Columnists

Kenya’s Vision 2030 needs re-alignment to hit growth targets


Vision 2030 aims to transform Kenya into a newly industrialising, middle-income country providing a high quality of life to all its citizens by the end of the decade. It is premised on three pillars, namely, the economic pillar, social pillar, and the political pillar.

While progress has been made in some areas, the real gross domestic product (GDP) has averaged 4.5 percent between 2008 and 2022. This is far below the target annual 10 percent GDP growth rate.

Under the economic pillar, Vision 2030 settled for six priority sectors -tourism, agriculture and livestock, wholesale & retail, trade, manufacturing, financial services, business process offshoring and IT-enabled services- were deemed to be central.

Under agriculture, the key strategic interventions include fertiliser cost reduction to address issues of access and affordability of the input. Additionally, substantial acreage in arid and semi-arid areas such as Turkana and Tana Delta were also supposed to be put under irrigation.

The manufacturing sector set out several strategic initiatives including the establishment of special economic zones. These were meant to among others, attract both local and foreign investments; expand and diversify the production of goods and services for domestic and export markets; promote value addition and promote local entrepreneurship through SMEs.

In relation to business process outsourcing the government was to set up a BPO Incentive Framework to improve the attractiveness of Kenya as a BPO destination and to encourage investments in this field. 

What are the successes and the gaps and most importantly, what must we do to hit the ambitious targets? 

The government is still grappling with the high cost of fertilisers with the current administration having had to subsidise the cost to increase access to fertilisers by farmers. 

A legislative framework that provides a wide range of incentives to encourage the setup and operation of SEZs was enacted by the government. This has led to the development of several public and private SEZ’s in different regions within the country.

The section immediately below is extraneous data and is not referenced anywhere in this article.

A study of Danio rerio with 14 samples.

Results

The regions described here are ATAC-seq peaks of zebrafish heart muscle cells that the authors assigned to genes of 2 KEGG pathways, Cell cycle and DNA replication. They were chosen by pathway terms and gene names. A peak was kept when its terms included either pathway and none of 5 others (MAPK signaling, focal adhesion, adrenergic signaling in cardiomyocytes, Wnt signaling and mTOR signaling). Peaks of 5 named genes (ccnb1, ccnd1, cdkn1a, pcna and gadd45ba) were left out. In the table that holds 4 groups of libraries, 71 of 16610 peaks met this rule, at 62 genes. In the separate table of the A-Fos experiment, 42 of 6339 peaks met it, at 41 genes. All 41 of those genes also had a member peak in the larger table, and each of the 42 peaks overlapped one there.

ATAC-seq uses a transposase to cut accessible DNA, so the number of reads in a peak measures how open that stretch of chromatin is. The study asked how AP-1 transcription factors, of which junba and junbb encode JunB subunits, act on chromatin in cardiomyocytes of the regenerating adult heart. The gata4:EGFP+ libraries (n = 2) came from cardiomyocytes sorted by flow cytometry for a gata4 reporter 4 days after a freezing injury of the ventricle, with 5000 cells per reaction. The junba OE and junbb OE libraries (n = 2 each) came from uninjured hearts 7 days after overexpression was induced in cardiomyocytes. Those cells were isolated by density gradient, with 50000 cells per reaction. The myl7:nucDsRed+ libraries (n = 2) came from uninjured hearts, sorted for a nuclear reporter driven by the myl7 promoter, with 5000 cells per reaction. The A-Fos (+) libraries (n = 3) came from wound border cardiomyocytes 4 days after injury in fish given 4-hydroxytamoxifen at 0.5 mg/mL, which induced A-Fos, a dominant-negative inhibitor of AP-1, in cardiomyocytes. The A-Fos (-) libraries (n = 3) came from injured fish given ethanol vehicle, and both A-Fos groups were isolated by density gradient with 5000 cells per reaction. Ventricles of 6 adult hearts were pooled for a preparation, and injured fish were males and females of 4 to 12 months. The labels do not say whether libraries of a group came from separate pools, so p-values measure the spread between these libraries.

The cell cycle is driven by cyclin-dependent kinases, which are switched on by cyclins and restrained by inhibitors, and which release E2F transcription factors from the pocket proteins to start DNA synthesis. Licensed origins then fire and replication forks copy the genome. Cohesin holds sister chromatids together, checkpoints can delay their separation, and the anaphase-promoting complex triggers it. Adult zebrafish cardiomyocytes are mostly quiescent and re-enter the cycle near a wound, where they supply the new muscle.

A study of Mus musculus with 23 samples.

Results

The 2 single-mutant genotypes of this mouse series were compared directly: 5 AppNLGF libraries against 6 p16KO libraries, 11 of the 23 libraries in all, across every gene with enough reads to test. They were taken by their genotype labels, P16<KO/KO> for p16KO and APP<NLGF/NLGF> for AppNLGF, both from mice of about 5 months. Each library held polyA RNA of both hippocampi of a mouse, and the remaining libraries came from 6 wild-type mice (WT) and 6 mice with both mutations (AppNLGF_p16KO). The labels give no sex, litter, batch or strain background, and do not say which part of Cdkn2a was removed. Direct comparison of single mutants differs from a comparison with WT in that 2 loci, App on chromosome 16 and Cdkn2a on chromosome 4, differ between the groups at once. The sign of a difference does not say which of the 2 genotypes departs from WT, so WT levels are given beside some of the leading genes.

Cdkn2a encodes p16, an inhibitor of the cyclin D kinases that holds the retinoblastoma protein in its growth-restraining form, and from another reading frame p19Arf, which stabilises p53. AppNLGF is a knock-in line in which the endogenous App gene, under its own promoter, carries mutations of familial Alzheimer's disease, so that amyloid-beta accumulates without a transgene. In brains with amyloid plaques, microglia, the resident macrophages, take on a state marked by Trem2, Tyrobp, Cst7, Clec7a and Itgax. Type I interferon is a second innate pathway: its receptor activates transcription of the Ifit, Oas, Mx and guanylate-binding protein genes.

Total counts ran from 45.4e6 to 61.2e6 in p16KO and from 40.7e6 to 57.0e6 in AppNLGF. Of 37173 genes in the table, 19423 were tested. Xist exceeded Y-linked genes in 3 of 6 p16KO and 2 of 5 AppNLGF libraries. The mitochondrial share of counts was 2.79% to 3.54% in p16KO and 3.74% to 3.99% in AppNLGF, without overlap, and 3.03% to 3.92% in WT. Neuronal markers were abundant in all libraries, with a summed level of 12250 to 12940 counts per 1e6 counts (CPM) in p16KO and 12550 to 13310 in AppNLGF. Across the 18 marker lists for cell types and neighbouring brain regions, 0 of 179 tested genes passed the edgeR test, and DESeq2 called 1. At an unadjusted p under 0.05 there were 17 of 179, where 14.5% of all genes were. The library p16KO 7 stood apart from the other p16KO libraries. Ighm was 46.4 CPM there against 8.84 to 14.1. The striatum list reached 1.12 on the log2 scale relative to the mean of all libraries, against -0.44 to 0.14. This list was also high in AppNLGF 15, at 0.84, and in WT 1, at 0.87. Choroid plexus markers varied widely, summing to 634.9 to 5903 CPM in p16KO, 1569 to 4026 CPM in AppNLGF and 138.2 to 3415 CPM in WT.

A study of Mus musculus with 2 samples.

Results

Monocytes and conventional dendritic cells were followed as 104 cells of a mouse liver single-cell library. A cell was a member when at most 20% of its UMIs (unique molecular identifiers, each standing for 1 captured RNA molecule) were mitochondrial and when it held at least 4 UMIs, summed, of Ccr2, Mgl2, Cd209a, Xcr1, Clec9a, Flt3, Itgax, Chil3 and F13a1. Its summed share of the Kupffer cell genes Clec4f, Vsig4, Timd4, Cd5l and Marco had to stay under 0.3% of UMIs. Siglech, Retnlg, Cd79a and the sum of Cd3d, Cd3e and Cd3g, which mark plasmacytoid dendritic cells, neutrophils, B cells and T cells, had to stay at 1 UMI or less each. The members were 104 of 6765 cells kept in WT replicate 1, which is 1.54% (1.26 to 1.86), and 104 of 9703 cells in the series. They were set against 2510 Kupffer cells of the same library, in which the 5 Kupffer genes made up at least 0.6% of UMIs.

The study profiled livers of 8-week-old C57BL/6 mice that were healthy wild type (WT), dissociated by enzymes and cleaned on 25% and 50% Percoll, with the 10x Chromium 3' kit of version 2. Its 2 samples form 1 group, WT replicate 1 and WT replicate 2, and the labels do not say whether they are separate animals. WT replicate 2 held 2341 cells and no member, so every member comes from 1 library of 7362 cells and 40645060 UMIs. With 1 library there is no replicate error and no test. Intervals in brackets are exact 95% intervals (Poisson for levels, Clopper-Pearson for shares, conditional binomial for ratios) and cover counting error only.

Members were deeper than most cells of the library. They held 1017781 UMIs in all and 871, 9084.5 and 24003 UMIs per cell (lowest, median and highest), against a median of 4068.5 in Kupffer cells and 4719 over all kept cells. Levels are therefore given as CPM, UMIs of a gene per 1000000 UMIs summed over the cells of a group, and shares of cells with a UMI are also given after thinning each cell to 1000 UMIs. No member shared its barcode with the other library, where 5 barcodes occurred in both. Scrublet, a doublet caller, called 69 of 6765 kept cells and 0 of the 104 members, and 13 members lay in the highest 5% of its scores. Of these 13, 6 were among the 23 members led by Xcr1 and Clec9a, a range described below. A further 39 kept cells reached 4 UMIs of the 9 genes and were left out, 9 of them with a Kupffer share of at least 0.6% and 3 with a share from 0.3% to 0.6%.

This has been a key driver of foreign direct investment with many organisations setting up their operations in these SEZs and many more in the process of setting up operations. This is indeed a successful initiative as set out in Vision 2030.

In relation to expanding areas under irrigation is arid areas, Galana Kulalu was touted as a key national project in transforming the country into a food-self-sufficient nation. The success of the project has however been hampered by challenges which have dimmed the otherwise noble objectives of the project.

The government had set out skills development for technical human resources and targeted training programmes for operators within BPOs.

While these are noble initiatives it is notable that Kenya already has high literacy levels and there is skilled manpower across most economic spheres. Such initiatives should thus be left upto the private sector with the Government only providing an enabling environment.

By and large, the government should review and re-align the aspirations of the country as set out in Vision 2030 with the current economic realities. The review and realignment should incorporate the private sector among other critical players to ensure that it takes into consideration the wider public.

Robert Maina is an Associate Director at Ernst & Young LLP (EY). The views expressed herein are not necessarily those of EY.